I’ve only been in academe for about two years -- eight if you count my time as a graduate student and 12 if you count my time as an undergraduate. But in that time, I’ve learned that my life story and experiences are a little bit different from those of most college professors.

I was born and raised in a conservative family in the rural South, and, as you might imagine, that means that I was raised in the heart of gun culture. Growing up, I cannot recall a time when there were not at least 12 guns in the house; at many times there were more. I’ve been shooting since I was extremely young. I was comfortable handling a gun without supervision as a young teenager. At the age of 21, I applied for and received a concealed weapons permit in the Commonwealth of Virginia. For the next few years, I would carry my concealed .357 whenever I felt the need. Although I no longer have that permit and have no desire to ever have such a permit again, to this day I still own a number of guns, as I still shoot for sport at times.

On paper, this life story makes me seem the exactly type of person President Trump is referring to when he suggests that we incentivize some teachers to carry concealed weapons in classrooms. And while Trump has focused on elementary and secondary schools, some state legislators have proposed the same for college professors.

I -- a gun-owning, firearm-proficient white man -- am exactly the target demographic for National Rifle Association campaigns on increased gun ownership. However, it is exactly my experiences with guns that lead me to believe that this is a fundamentally absurd proposition. Indeed, some have argued that even engaging in this conversation is so patently absurd that it distracts from the real debate on appropriate gun control. Yet, even a few minutes on social media reveal that there seem to be millions of Americans that think that arming educators is a viable path forward. As someone with experience in the worlds of gun ownership and education, I am here to say that this is an impossible proposition.

My experiences with gun ownership generally and my past experiences as a concealed weapons permit holder specifically have taught me that carrying a firearm is fundamentally incompatible with being an invested educator. For me personally, carrying a firearm meant being constantly on guard. Carrying a firearm meant being fully aware of the status of that firearm at any given moment, being aware of potential threats in the environment around me and constantly evaluating whether or not I was going to need to use that weapon I had tucked away.

Carrying a gun meant estimating whether each and every person I interacted with was a threat I might need to neutralize. In short, for me -- and for countless other people who have carried or do carry a concealed weapon -- having a gun on your person means viewing the world as a much darker and more threatening place than you ordinarily would.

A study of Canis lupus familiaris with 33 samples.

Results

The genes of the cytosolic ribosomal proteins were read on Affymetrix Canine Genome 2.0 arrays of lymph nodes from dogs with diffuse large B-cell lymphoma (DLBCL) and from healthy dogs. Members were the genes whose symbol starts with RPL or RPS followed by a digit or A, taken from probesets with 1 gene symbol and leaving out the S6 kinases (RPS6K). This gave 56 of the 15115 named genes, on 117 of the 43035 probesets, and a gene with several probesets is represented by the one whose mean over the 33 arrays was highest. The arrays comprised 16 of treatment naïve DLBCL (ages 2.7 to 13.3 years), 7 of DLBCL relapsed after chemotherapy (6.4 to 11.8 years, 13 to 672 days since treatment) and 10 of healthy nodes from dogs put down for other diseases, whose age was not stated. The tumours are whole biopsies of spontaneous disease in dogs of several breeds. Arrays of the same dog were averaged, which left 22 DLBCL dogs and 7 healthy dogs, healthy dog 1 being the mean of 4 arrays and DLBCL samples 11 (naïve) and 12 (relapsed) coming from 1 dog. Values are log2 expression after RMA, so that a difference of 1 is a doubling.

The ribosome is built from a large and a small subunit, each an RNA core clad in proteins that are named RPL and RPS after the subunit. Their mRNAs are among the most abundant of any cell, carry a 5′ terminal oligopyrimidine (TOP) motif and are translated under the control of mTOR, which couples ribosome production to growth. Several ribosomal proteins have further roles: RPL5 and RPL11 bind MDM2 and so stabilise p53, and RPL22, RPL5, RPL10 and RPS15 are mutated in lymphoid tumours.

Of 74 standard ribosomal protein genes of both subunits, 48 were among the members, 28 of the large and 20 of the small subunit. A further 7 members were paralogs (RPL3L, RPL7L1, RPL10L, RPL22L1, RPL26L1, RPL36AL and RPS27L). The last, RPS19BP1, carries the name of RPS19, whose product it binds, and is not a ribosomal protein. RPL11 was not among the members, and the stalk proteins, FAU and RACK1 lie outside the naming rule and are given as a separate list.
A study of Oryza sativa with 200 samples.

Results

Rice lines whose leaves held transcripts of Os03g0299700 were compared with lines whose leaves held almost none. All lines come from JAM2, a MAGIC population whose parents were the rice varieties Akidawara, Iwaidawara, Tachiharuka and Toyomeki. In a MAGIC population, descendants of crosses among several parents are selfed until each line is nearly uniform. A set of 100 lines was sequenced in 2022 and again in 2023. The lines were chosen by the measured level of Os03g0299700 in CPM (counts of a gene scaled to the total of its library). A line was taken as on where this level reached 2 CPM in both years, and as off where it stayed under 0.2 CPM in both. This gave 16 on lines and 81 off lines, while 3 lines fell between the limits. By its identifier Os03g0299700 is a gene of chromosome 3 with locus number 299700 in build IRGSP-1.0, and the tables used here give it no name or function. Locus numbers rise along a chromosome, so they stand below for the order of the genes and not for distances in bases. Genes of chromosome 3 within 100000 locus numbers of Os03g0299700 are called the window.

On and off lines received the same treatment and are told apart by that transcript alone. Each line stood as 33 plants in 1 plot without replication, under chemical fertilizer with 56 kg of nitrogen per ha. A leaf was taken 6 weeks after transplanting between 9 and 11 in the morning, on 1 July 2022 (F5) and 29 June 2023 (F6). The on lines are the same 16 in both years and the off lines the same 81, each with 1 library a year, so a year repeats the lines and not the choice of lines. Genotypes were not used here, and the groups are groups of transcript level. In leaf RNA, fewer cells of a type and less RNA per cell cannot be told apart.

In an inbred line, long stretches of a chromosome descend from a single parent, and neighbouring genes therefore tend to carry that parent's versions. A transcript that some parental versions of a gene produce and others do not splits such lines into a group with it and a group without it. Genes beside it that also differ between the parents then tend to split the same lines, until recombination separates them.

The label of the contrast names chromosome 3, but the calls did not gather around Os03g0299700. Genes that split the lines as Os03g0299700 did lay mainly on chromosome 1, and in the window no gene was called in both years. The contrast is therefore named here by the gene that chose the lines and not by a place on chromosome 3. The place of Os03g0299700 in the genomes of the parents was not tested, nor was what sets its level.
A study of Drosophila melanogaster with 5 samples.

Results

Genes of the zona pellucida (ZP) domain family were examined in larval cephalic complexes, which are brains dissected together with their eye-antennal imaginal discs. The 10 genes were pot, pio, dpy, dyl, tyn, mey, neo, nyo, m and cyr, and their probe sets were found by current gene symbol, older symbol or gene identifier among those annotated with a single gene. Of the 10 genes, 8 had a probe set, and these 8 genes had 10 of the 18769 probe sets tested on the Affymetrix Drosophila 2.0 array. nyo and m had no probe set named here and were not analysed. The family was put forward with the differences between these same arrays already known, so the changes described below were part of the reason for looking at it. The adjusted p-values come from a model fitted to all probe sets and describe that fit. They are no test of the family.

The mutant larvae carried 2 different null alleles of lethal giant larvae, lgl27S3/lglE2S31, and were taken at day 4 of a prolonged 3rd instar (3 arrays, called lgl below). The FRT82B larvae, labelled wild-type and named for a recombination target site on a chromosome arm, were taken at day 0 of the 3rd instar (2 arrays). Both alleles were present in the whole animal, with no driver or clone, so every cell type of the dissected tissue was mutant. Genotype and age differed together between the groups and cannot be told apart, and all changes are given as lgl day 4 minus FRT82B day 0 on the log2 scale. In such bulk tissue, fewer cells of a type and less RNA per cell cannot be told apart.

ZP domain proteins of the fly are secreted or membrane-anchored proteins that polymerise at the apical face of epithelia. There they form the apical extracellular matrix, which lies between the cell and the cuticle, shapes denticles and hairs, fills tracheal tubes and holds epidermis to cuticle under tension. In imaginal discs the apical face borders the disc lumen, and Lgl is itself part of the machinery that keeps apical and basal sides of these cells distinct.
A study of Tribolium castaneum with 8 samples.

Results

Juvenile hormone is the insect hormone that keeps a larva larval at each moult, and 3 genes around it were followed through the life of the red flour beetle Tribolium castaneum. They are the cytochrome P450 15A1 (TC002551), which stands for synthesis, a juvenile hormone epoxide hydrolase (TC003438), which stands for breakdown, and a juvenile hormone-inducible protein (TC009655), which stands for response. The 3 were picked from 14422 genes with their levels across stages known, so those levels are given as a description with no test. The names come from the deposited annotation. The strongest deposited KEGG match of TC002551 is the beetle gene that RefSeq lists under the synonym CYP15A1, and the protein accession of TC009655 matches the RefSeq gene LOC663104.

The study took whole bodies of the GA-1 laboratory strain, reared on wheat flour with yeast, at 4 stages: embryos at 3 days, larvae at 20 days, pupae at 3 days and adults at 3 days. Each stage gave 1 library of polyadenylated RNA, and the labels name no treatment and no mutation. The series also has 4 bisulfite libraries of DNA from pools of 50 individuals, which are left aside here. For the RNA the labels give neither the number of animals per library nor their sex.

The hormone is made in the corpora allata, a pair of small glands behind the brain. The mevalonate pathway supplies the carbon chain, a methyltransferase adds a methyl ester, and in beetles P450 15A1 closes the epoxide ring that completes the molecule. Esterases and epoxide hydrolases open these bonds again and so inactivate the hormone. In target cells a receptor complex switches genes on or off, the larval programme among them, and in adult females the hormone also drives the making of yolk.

When students enter my classroom, they are trusting me to care for them, to teach them and to guide them forward. In this regard, they are my responsibility, and I view that responsibility as an almost sacred duty. However, I cannot look at my students as both young minds eager for education and potential threats I might need to eliminate. I cannot teach effectively or educate compassionately when I am on guard and wondering if I might need to take another human life that day. This proposition -- that some teachers need to be equipped and prepared to either educate or execute other human beings -- is plainly impossible.

I’m a junior professor in a Ph.D. program at a research university. On a very practical level, my position is clearly defined by the terms of my contract: 40 percent teaching, 40 percent research, 20 percent service. In many ways, my identity as an educator is reflected in that contract. At this point in time, there is no allocation for what percentage of my time is meant to be spent peacekeeping, enforcing or defending my students with firearms. I was not hired to be an enforcer, and no teacher I know of anywhere has been. If that is to be part of my job, then I would argue that it would have to come from some other aspect of what I do. I mean this in a much deeper way than in just in reference to my contract. Beyond changing the terms of my contract, to be an enforcer or protector would fundamentally change my identity as an educator.

At the end of the day, I don’t know what the solutions to our current crisis are. Banning firearms entirely is likely a fantasy for the foreseeable future and a reality that I don’t particularly want, either, but continuing as we are also seems impossible. In either case, however, asking teachers to take on the responsibility of being both educators and potential executioners is not a viable path forward.